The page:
Apple's WWDC 2018 came and, eventually, went in its usual fashion, with Tim Cook and his cohorts bounding about the keynote stage, outlining the future of the Mac, iPhone, Apple Watch and more just as enthusiastically as ever.
If you've not heard of WWDC, it's Apple's annual Worldwide Developer's Conference, which plays host to thousands of app developers to show them what's coming next to Apple software. It might sound a bit heavy going, but it ultimately means we get a sneak peek at how our devices are going to be improved in the near future.
Sometimes we even get a glance at a forthcoming device or two, but there was even less hardware than we expected this year. And by less we mean, well, none. But that doesn't mean it wasn't packed full of details on new features coming to Apple's software later this year that will make your current Apple devices better than ever.
But what exactly were those exciting features and what do they mean for your iPhone, Apple Watch or MacBook? We're so glad you asked.
1. iOS 12
For older Apple fans, there was a whiff of Snow Leopard to kick off proceedings, as Apple’s Craig Federighi and his hair announced iOS would double down on performance (especially for older devices). He then reeled off a laundry list of great new features coming this September, including substantial improvements to AR, Siri user automation, big upgrades to key apps, cracking features for ensuring your iPhone or iPad doesn’t take over your life (or your kids'), and the ability to create personalised Memojis that look like you (or however you'd like to look - mohawk anyone?). Animojis will also now be able to stick out their tongues - mercifully, the last of those wasn’t demoed using the poop animoji.
READ MORE: 12 things you need to know about iOS 12
2. macOS Mojave
With the lack of macOS leaks, we didn’t know what to expect for Apple's desktop software. But after attempting (and failing) to suppress rubbish jokes about macOS Mojave’s new name (macOS deserted – ho ho), we were immediately converted. Dark Mode looks lovely (and we also want it for iPad right now). Desktop stacks look useful for clearing up our ever cluttered desktops, and the Gallery view in Finder will be handy too. Plus Continuity Camera enables you to use an iPhone for a scanner. Even the beleaguered Mac App Store got a boost through a redesign, and the reveal that key productivity apps (Microsoft Office, Adobe Lightroom, BBEdit, Transmit) were heading there – in contrast to the pro-apps exodus we’ve seen in recent years.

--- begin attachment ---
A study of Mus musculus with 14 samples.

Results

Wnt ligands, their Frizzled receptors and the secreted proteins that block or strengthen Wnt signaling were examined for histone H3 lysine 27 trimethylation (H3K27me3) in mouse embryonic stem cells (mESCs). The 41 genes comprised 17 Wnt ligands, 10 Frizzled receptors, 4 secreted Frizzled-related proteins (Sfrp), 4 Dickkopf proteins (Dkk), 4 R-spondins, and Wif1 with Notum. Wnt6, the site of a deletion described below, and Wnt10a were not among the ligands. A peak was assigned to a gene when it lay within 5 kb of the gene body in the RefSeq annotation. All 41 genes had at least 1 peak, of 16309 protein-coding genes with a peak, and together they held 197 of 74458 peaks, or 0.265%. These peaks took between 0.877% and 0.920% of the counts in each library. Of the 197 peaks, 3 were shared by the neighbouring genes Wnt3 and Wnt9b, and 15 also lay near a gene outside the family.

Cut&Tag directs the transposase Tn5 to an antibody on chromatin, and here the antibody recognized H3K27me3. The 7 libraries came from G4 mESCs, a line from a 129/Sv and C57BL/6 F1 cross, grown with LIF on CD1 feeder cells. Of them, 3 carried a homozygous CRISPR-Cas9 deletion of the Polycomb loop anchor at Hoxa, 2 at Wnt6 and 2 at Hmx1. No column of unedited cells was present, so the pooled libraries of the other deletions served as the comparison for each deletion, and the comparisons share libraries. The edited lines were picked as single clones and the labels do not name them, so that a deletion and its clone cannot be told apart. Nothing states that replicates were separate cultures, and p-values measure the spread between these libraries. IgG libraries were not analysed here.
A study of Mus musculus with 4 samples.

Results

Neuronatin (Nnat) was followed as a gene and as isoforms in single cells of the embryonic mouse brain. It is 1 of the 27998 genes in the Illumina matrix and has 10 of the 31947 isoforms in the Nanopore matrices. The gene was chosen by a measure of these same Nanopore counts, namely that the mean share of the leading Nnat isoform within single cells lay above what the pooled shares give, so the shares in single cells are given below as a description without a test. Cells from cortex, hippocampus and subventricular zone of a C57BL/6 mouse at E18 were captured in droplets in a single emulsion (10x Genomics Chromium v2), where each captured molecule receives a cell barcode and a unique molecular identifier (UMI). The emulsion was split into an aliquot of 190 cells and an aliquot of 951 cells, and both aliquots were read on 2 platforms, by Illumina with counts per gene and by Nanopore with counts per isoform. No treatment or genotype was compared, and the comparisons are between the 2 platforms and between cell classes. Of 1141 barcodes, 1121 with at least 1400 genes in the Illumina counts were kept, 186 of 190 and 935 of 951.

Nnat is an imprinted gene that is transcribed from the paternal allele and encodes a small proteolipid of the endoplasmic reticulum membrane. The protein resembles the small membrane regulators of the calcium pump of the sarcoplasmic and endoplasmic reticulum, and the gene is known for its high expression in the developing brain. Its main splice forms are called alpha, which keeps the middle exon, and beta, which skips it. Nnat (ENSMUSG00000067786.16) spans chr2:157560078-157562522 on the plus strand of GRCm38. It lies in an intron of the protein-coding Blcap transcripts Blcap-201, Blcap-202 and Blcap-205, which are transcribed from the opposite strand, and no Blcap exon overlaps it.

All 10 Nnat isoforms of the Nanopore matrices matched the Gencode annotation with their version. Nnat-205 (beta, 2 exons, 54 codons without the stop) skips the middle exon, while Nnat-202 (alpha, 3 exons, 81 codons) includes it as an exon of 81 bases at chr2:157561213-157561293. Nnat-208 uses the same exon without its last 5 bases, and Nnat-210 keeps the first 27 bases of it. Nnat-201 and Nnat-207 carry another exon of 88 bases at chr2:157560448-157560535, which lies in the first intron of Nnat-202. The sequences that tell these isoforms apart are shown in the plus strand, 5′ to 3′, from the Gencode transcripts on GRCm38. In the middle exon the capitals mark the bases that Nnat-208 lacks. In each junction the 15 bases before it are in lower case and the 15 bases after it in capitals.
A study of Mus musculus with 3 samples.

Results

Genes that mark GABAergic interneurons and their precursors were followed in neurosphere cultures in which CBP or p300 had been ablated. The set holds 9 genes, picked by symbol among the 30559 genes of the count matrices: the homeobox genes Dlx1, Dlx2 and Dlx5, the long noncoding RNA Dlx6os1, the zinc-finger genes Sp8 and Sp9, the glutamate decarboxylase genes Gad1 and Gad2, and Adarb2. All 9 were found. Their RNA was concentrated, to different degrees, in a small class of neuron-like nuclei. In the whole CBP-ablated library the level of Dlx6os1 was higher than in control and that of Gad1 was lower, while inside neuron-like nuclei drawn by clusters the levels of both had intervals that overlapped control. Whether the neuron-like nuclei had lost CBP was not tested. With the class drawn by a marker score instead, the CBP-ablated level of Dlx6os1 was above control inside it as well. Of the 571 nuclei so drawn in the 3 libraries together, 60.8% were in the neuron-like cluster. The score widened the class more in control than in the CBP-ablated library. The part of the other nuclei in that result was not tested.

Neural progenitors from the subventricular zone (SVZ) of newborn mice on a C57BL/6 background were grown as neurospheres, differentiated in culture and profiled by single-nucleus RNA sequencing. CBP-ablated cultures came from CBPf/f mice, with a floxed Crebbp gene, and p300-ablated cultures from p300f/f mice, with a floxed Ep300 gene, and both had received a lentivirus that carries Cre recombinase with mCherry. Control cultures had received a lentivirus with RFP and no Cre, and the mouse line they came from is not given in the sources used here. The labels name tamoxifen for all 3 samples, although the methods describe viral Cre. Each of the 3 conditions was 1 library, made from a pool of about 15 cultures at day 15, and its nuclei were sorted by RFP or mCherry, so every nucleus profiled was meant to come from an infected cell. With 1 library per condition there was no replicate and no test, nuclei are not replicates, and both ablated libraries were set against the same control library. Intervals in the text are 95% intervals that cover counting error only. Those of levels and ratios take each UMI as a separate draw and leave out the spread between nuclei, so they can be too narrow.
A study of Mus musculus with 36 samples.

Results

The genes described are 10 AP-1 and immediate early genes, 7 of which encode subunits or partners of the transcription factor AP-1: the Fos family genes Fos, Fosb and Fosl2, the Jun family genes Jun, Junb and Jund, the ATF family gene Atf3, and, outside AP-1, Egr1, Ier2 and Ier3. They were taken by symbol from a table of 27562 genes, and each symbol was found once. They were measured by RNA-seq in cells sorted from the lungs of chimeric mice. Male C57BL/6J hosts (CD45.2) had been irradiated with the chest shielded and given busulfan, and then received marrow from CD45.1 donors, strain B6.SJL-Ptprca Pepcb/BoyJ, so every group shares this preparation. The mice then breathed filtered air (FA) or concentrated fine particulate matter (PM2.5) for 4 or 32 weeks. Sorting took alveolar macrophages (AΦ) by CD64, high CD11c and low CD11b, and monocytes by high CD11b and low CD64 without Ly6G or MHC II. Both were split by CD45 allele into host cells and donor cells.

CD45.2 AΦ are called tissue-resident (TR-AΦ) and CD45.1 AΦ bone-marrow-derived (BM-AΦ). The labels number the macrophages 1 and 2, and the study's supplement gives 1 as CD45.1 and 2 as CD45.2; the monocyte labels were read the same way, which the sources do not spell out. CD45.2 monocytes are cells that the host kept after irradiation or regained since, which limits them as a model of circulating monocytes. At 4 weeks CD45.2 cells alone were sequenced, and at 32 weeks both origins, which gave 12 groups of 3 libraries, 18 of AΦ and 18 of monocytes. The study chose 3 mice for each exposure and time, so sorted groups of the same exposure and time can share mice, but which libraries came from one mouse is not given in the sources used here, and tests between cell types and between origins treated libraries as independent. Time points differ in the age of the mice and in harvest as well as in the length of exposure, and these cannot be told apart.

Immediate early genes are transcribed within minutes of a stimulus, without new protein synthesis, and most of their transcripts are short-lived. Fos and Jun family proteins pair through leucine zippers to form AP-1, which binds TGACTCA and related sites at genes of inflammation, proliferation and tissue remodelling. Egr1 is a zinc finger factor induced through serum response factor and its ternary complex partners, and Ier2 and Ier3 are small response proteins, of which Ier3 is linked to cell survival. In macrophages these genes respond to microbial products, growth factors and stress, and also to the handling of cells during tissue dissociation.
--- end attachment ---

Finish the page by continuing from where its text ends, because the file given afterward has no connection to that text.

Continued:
3. watchOS 5
Starting off with a video about Apple Watch saving someone’s life was a shrewd move. After that point, Apple could have said watchOS 5 had no new features at all and you’d have felt bad about complaining. But in the end, we got some new stuff: closing-the-rings competitions with friends; automatic workout detection; an improved Siri watch face; and podcasts on Apple Watch. Also, Apple unveiled a new Walkie Talkie voice messages app, so you can use your cutting-edge wrist-based hardware to pretend it’s 1982.
4. Not much for tvOS
Apple announced that Dolby Atmos was coming to Apple TV (and that it would be the biggest library ever, no less), but then immediately ran out of interesting things to say. In a section that lasted ten minutes at a developer conference, it was telling that Apple essentially ignored third-party apps and games. Anyone hoping for a Nintendo Switch competitor won’t be getting one from Cupertino. And Tim Cook’s assertion that the future of TV being apps now seems very long ago – unless it’s a channel that can be welded to Apple’s own TV app.
5. No new hardware
We did warn you to not expect a ton of new hardware, but even Stuff HQ was bit surprised at the total lack of new Apple kit at WWDC 2018. This year was all about the software, so it looks like the iPhone SE 2 will have to wait until September. But given that the WWDC hall and online audience was full of developers, would it have killed Apple to offer a tantalising hint of the new Mac Pro?
6. macOS and iOS aren’t getting merged, but…
Answering whether Apple’s merging iOS and macOS, Apple exec Craig Federighi showed a slide with a massive NO crashing to the ground. (You got the feeling Apple really wanted to put overly excited ‘analysts’ beneath it.) But he did reveal a multi-year project where Apple’s bolting bits of iOS on to macOS, making it easier to port apps. Apple’s starting with its own: News, Stocks, Voice Memos, and Home. In 2019, developers will get a crack at this. Purists: prepare for native Mac apps to be rapidly outnumbered.